The Rundle Manor residential complex in northeast Calgary has taken a beating over the last 40 years and now it’s set to be torn down.
The complex houses low-income families but is continually deteriorating, with siding coming off units, doors and windows being left broken and decks that are well out of date.
The Calgary Housing Company (CHC) says it isn’t feasible to continue funding Rundle Manor, adding it would be more reasonable to use that money to fund a new affordable housing complex.
The site meets key criteria for affordable housing in Calgary, including nearby amenities like groceries, transit, schools, parks and recreation areas.
With one in five households in Calgary struggling to pay for their housing costs, the CHC says this redevelopment is part of Calgary’s direction to ensure low-income families have a safe, stable place to call home.
“It was thought by the department that it would be easier to knock them down and add more to it,” Ward 10 Coun. Ray Jones said. “Affordable housing is something that is drastically needed in this city.”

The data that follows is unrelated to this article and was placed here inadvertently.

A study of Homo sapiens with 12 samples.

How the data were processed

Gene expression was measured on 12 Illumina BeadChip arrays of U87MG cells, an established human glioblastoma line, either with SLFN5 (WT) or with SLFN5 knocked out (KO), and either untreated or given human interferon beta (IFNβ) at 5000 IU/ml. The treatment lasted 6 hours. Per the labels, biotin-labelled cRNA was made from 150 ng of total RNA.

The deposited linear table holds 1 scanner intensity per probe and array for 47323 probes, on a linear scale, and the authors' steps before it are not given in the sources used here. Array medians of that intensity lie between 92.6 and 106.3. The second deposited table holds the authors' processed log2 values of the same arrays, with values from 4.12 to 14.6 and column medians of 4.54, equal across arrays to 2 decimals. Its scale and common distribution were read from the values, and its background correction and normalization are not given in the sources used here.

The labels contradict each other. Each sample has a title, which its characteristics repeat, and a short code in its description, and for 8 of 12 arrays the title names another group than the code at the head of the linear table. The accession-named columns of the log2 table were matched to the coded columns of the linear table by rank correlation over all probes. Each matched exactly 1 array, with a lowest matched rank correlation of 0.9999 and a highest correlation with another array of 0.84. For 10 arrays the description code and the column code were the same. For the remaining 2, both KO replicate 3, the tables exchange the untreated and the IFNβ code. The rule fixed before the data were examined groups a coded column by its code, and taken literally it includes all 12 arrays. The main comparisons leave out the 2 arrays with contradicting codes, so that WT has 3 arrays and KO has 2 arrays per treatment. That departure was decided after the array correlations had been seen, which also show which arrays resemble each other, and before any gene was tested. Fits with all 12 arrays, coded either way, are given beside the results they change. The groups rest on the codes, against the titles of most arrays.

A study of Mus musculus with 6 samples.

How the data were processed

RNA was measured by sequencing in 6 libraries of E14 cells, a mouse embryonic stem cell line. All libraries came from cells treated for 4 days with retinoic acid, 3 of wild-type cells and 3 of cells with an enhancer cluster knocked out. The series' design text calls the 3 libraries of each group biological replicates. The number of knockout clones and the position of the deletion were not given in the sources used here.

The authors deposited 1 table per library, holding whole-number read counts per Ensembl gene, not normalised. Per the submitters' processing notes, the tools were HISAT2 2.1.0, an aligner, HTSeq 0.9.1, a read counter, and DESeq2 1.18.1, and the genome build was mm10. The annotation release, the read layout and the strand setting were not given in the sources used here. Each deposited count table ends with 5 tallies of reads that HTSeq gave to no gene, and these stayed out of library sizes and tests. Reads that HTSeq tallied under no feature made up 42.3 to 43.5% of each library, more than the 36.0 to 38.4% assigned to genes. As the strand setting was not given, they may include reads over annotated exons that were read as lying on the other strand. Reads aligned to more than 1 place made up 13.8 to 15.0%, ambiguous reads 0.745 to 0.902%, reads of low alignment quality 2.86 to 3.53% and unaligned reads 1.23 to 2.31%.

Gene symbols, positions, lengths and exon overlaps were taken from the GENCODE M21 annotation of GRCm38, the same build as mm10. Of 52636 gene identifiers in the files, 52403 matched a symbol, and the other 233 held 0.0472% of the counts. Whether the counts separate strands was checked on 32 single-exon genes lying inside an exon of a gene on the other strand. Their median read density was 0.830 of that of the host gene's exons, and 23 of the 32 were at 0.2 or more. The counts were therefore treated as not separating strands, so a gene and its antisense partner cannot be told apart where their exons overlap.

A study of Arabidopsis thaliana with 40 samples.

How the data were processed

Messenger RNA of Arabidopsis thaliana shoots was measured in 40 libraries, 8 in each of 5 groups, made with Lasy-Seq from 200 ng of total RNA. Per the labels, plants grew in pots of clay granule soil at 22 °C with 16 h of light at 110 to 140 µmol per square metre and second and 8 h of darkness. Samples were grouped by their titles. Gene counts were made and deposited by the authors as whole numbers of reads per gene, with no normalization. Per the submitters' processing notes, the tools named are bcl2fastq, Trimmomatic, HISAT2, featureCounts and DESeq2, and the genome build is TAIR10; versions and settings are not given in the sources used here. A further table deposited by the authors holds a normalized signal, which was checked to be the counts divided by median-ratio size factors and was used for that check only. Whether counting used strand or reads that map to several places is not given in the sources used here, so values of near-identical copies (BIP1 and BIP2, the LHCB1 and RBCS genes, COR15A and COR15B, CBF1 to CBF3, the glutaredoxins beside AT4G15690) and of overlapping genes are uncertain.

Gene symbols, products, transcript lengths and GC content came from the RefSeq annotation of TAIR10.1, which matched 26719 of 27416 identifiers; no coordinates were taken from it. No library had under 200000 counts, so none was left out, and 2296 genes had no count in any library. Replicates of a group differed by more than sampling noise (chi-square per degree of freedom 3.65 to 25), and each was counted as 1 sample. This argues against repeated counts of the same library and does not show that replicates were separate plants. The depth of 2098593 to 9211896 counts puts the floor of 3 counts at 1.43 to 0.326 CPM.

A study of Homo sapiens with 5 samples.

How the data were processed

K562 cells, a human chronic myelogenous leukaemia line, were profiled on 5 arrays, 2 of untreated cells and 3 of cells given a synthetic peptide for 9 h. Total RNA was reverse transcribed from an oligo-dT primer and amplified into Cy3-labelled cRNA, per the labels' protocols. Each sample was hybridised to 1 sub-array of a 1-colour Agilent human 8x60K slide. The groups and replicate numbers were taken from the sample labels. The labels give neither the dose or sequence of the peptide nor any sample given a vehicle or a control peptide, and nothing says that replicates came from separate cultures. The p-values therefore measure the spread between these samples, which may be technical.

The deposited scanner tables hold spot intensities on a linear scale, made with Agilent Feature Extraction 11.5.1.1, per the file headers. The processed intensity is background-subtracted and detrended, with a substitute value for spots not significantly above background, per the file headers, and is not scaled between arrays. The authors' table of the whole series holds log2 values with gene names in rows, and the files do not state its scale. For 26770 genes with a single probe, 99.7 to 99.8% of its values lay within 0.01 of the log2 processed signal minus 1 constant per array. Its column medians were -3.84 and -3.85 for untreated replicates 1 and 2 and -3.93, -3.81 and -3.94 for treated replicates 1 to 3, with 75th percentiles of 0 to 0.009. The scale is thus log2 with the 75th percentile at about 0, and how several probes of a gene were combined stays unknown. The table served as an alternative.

CHC has plans for those who currently live in the complex to ensure they have options come 2021.
For some of the tenants, a reduced rent — beginning in January 2020 — will allow residents to save some additional money for 18 months to give them breathing room when they move out.
CHC will also provide tenants with housing options to lessen the impact when they move off-site.
“We are providing access to information to them through a monthly newsletter, through an online web access that actually directs to them to opportunities for support,” CHC’s John Veenstra said. “Those types of opportunities could be where else housing in the area is or within Calgary Housing Company.”
The CHC said it also wanted to ensure residents knew that the current complex is still being maintained and has no significant issues with it, even though continuing to fund it was not seen as reasonable.
“We are anticipating significant investment requirements to continue to maintain the capital asset,” Veenstra said. “Those investments include roofs, doors, windows, those sorts of things. Investing those sorts of capital into this site is not viable.”
The community will be consulted on Sept. 25 as the city undertakes a feasibility study to determine the best way to design and operate the new affordable housing in Rundle.